The D.C. Council recently revised the foreclosure mediation law it passed three years ago. Known as "Saving D.C. Homes From Foreclosure," the law was created in 2010 to address the foreclosure crisis in the District.
In tinkering with the measure, the council avoided the basic issue: The District needs a strong foreclosure law that protects consumers.
The original law created a mediation process that was supposed to provide homeowners and lenders with an opportunity to meet face-to-face to work out an alternative to foreclosure. But mediation has become merely a stop-gap and not a very effective one.
According to the District's Department of Insurance, Securities and Banking (DISB), which oversees the law, between May 2011 and last month lenders initiated the process for 234 mediations. In 90 such cases, the homeowner did not ask for mediation, and those properties could have gone into foreclosure. But seven homeowners arranged for a short sale or deed in lieu, 31 loans were modified and 12 loans were reinstated. In 11 situations, no agreement was reached, and thus mediation certificates were issued. In comparison, there were 600 notices of foreclosure sent out in September and October of 2010, just prior to the law's passage.
One reason the law hasn't worked is because lenders and title insurers were not satisfied with the mediation certificate, which is the green light for foreclosure. They feared homeowners might bring additional challenges to the foreclosure after mediation. The D.C. Council sought to address this problem by passing an amendment last month that made the mediation certificate irrevocable. It is too early to know if lenders and title insurers will be reassured by this language, or if it benefits or creates more complications for homeowners.
The law clearly has slowed down, if not all but stopped foreclosures in the District. However, lenders aren't being paid and homeowners are getting more and more behind on their mortgages. As a result, lenders are now trying to circumvent their mediation requirements by asking the court to permit the foreclosure. It is my understand that there are approximately 100 such cases currently pending in the DC Superior Court. In one case involving Bank of America, the District Government in a "friend of the court brief", wrote: the lender "is not seeking a true judicial foreclosure, and essentially is asking the Court to sanction a foreclosure using procedures that are available only in non-judicial foreclosures. The Court should therefore invoke the statutory protections applicable to non-judicial foreclosures, including foreclosure mediation, in deference to the expressed public policy of the District of Columbia."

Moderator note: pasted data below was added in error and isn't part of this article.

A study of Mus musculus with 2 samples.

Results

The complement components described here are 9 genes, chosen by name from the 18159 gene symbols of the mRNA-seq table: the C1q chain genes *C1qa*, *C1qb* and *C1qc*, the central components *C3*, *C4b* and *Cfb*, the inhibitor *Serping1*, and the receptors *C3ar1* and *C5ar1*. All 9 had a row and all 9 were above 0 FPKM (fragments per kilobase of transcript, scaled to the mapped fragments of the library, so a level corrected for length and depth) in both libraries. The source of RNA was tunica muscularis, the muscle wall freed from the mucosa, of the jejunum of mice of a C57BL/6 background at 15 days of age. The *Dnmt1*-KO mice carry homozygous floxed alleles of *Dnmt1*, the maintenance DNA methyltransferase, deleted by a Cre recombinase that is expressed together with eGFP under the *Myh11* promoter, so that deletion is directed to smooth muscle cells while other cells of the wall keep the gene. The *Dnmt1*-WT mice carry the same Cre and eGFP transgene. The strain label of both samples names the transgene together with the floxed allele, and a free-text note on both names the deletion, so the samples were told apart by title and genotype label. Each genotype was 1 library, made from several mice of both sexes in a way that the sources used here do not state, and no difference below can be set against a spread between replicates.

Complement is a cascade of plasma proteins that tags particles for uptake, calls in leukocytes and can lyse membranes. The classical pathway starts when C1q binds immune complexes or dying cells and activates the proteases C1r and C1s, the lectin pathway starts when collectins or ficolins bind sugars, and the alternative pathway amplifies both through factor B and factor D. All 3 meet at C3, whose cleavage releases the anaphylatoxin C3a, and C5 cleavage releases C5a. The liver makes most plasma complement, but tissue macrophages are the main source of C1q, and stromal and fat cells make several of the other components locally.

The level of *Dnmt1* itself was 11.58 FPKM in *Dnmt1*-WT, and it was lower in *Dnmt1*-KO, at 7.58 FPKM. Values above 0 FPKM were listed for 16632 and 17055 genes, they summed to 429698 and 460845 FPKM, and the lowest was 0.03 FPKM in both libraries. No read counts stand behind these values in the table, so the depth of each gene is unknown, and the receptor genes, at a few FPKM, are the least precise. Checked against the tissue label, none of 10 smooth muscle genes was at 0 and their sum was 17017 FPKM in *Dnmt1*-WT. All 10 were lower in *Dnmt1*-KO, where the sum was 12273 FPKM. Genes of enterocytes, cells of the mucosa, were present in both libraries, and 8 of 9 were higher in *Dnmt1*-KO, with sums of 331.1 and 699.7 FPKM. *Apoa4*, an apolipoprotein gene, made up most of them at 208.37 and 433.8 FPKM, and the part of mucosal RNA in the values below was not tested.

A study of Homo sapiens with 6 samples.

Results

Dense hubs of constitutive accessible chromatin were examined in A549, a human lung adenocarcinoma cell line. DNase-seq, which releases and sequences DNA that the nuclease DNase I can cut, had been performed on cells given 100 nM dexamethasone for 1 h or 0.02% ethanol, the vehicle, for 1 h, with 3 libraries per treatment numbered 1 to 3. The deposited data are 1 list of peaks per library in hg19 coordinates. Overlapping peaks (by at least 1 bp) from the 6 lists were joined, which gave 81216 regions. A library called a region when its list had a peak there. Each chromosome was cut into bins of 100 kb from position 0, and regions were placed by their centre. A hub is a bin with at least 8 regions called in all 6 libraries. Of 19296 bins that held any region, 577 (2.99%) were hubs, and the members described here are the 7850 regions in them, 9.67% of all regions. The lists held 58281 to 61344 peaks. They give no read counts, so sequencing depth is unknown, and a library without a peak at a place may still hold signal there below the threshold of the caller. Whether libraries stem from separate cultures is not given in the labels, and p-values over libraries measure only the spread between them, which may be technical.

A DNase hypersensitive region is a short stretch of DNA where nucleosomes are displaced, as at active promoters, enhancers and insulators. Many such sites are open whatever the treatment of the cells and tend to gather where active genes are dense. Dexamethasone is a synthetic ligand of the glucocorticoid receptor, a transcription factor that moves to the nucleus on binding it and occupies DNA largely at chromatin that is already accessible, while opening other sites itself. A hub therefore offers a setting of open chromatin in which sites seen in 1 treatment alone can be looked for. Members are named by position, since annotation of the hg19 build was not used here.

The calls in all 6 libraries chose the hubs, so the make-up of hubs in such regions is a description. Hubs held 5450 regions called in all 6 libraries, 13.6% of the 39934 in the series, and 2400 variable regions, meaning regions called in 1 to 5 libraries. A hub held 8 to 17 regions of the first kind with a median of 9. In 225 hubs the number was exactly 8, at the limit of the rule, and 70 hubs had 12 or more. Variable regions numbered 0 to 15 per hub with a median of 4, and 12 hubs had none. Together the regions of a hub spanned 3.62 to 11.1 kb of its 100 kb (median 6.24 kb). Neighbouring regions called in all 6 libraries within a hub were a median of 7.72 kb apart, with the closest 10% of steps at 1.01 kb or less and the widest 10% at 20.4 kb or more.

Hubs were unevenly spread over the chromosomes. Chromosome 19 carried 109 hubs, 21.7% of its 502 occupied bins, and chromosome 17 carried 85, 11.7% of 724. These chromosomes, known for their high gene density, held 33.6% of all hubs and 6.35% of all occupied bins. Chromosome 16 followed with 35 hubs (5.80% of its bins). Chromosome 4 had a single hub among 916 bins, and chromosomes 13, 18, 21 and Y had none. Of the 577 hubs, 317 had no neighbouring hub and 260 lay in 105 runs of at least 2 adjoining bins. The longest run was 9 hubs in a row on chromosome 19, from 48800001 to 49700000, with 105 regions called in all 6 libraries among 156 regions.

In the District, there is no mandatory judicial review of foreclosures. The burden is on the homeowner to file a lawsuit. However, a homeowner who can't make his mortgage payments most likely can't afford a lawyer, either.
One way to fix the foreclosure law would be to have all foreclosures authorized by the D.C. Superior Court. Most cases in that court already go through mediation before a trial is held. The current mediation law requirements easily can be incorporated into the judicial review, since a face-to-face conversation between lender and borrower may result in an acceptable resolution.
Here are some other legislative fixes:
The District should prohibit lenders from getting deficiency judgments that allow them to sue borrowers to recover the balance in foreclosures and short sales. While it may not be an issue now, it could be in 2014 when the mortgage debt forgiveness law expires. Next year, the IRS will be able to tax the debt borrowers were forgiven in short sales. But the IRS says if there is no deficiency, then there is no cancellation of debt - and thus the borrower would not be obligated to pay tax on the forgiven debt.
Given that the public policy of the District is "saving homes," the borrower whose home has been foreclosed upon should have the right to redeem the property upon certain conditions. Some states allow the former homeowner to buy back the house for a limited amount of time; other states, such as Maryland, give the judge discretion to allow the former homeowner to rent back for a period of time.
Superior Court judges should have the right to restructure the terms and conditions of the mortgage documents, if the lenders refuse.
If there are any surplus funds over and above the loan obligation, the homeowner should get those funds; the lender should not be entitled to a windfall.
Currently, publishing a notice of foreclosure in a newspaper of general circulation is often not real notice to homeowners. The requirement that notice be sent both by certified mail and regular mail should be incorporated into any foreclosure law.
Under the current mediation law, if a lender decides to use the courts for the foreclosure, mediation is not required. Accordingly, the need for legislation is especially important since the current thinking of many lenders is to go to court to foreclose, instead of having to go through the mediation process.
The foreclosure crisis had a severely negative impact on the housing market. No one wants to see more foreclosures. But in my opinion, the mediation law is not working. If lenders are required to obtain a true judicial foreclosure, even if the homeowner cannot afford legal counsel, the court should require mediation and they still will be able to negotiate with a lender who has authority to negotiate a deal. And equally important, the court will be the buffer between the lender and the homeowner.
The D.C. Council has promised that the mediation law is but the first step; it now needs to do more to address this.